David M. Kingsley – Fishing for the Secrets of Stickleback and Human Evolution

Kingsley FEL 6.24“Fishing for the Secrets of Stickleback and Human Evolution”
David M. Kingsley, Stanford University; Howard Hughes Medical Institute

Friday, June 24, 2016, 8 – 9pm
Lillie Auditorium
Lectures are free and open to the public.

Introduction by Alejandro Sanchez Alvarado, MBL Fellow; Investigator, Stower Institute for Medical Research; Howard Hughes Medical Institute Investigator

Lecture Abstract:

How do new traits evolve in nature? Can we find particular genes and mutations that underlie dramatic differences in colors, or skeletal structures, or the nervous system in wild species? Are evolutionary mechanisms predictable, or are there many different ways of evolving new traits? For many years the answers to such questions were largely unknown. However, in recent years, new methods have begun to reveal the detailed genetic and genomic basis of evolutionary change in natural species. Dr. Kingsley will describe the insights that have come from his pioneering genetic and genomic studies of very young fish species that adapted to many new environments around the world. He will also illustrate how the lessons learned from this system can now be applied to many other organisms, including studies of modern human variation, and the search for key mutations that have contributed to the unique traits and capabilities that have evolved in the human lineage.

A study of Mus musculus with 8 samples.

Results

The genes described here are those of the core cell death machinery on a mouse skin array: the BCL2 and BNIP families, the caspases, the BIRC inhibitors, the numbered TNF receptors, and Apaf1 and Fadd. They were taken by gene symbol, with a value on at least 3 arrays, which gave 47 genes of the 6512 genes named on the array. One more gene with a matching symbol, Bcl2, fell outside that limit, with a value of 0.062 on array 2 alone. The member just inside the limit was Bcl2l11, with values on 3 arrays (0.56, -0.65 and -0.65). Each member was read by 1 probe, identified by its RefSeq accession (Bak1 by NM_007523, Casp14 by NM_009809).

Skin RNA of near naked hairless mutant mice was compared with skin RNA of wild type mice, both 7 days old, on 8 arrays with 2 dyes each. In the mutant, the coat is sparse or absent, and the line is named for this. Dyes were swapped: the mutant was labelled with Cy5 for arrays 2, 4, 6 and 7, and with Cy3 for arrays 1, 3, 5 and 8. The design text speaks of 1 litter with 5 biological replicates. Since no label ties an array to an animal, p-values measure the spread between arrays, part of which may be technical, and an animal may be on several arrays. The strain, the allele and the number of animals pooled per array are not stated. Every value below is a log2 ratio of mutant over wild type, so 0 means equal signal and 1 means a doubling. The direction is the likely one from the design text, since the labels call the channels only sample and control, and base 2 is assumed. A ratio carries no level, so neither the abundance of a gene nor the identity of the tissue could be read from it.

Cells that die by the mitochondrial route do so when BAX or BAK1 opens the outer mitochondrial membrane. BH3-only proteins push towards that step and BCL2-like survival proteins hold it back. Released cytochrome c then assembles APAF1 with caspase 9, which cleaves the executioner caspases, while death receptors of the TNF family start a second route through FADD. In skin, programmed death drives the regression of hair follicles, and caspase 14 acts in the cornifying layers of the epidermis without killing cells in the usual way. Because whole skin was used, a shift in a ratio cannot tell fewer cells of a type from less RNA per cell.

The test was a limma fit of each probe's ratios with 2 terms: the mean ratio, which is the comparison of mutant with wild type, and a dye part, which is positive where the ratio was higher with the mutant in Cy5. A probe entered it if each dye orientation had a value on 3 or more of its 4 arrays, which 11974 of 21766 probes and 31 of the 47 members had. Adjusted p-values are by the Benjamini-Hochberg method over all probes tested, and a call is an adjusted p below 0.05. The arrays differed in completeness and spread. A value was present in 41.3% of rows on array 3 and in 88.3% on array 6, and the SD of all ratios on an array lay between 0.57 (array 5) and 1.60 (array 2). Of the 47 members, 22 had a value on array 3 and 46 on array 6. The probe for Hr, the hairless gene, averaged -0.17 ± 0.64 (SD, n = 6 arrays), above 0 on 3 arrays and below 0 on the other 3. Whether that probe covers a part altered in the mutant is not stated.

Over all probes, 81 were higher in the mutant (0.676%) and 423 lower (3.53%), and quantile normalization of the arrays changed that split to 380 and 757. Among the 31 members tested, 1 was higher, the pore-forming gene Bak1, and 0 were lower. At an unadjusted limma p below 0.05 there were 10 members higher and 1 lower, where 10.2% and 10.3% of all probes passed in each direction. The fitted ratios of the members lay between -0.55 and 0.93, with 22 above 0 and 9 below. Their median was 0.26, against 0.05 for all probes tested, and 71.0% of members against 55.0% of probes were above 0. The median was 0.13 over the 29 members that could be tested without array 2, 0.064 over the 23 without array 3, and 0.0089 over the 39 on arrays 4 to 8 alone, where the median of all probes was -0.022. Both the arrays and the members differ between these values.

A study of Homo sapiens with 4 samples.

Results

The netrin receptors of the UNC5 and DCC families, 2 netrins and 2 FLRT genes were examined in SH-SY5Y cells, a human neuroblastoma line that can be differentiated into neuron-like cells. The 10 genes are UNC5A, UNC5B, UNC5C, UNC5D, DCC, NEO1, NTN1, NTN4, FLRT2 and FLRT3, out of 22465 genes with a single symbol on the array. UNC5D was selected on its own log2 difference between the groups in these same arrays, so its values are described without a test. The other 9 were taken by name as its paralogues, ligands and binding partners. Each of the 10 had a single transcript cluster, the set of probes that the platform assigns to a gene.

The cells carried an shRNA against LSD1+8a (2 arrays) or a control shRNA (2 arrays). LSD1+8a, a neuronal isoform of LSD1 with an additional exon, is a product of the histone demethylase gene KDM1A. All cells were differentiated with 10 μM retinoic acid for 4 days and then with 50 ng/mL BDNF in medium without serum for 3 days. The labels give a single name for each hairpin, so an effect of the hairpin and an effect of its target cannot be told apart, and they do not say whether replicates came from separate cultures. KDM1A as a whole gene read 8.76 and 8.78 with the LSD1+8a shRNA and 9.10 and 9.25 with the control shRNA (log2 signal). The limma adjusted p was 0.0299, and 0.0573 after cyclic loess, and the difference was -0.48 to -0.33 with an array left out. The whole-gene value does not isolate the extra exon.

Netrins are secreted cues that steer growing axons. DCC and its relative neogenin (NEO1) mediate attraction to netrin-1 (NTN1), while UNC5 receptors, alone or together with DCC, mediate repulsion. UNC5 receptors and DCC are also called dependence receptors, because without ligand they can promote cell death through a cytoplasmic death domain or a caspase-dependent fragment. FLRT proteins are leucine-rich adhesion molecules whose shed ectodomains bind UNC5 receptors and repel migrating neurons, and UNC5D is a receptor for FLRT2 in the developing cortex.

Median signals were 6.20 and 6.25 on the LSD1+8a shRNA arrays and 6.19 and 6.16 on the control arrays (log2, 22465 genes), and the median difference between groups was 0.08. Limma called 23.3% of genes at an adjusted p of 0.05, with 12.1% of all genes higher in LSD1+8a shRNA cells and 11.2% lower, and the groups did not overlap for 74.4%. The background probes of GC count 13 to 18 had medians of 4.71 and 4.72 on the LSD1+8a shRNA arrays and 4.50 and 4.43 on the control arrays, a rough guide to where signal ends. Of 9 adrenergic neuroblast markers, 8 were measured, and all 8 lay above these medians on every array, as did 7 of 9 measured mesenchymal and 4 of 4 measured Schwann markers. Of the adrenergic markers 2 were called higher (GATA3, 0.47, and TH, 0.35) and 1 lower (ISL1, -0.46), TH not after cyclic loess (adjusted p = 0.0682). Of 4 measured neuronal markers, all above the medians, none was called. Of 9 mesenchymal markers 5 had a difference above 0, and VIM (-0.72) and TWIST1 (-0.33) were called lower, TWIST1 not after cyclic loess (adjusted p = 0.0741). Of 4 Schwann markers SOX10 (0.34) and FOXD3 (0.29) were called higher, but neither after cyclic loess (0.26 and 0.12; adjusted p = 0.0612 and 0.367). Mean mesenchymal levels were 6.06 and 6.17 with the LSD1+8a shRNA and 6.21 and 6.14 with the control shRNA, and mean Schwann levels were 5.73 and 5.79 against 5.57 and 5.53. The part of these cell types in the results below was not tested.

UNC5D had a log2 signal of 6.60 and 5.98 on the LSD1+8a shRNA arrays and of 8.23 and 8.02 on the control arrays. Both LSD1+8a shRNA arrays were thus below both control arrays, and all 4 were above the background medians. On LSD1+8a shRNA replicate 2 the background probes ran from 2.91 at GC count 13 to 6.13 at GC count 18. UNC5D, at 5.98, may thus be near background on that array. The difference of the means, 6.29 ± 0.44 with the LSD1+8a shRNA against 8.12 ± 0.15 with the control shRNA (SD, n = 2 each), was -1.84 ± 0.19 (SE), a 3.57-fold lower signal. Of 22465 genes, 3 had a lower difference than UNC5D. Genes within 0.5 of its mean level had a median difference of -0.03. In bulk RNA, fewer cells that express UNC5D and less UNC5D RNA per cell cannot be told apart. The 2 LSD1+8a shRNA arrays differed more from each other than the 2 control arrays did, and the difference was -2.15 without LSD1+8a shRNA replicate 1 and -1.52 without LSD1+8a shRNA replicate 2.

David Kingsley uses stickleback fish, mice, and humans to identify the molecular mechanisms underlying evolution of new traits in vertebrates. He grew up in Iowa, with a childhood love of dinosaurs, natural history museums, and fishing on the Mississippi River and Boundary Waters Area of Minnesota. He moved east for his undergraduate and graduate work, receiving a B.S. in Biology from Yale in 1981, and a Ph.D. in Biology from the Massachusetts Institute of Technology in 1986. Having seen the power of genetic approaches to solve classic problems in biology, he began applying new genetic and molecular methods to the study of vertebrate morphological traits in 1987. As a postdoc at the National Cancer Institute, he began molecular studies of classical mouse mutations that altered the formation and patterning of skeletal tissue. He established his own laboratory in 1991, as one of the initial faculty members in the newly formed Department of Developmental Biology at Stanford. Dr. Kingsley’s genetic studies of classic mouse skeletal mutations subsequently identified key signaling molecules and membrane transporters that are used by vertebrates to control skeletal patterning and susceptibility to arthritis. In 1998, his laboratory also began using genetic approaches to study how skeletal structures evolve in natural species, using genetic crosses between divergent stickleback fish populations that have evolved since widespread melting of glaciers 10,000 years ago. These pioneering studies have revealed how dramatic morphological changes can evolve in nature while still preserving viability and fitness. Interestingly, the same mechanisms tend to be used repeatedly when similar traits evolve in many different vertebrates, now making it possible to now study one of the most interesting biological problems of all: what is the molecular basis of becoming human? Dr. Kingsley has received many awards for his research, including election to the American Academy of Arts and Sciences in 2005, the Conklin Medal for distinguished research in Developmental Biology in 2009, and election to the National Academy of Sciences in 2011. He is currently Professor of Developmental Biology at Stanford, and an Investigator of the Howard Hughes Medical Institute.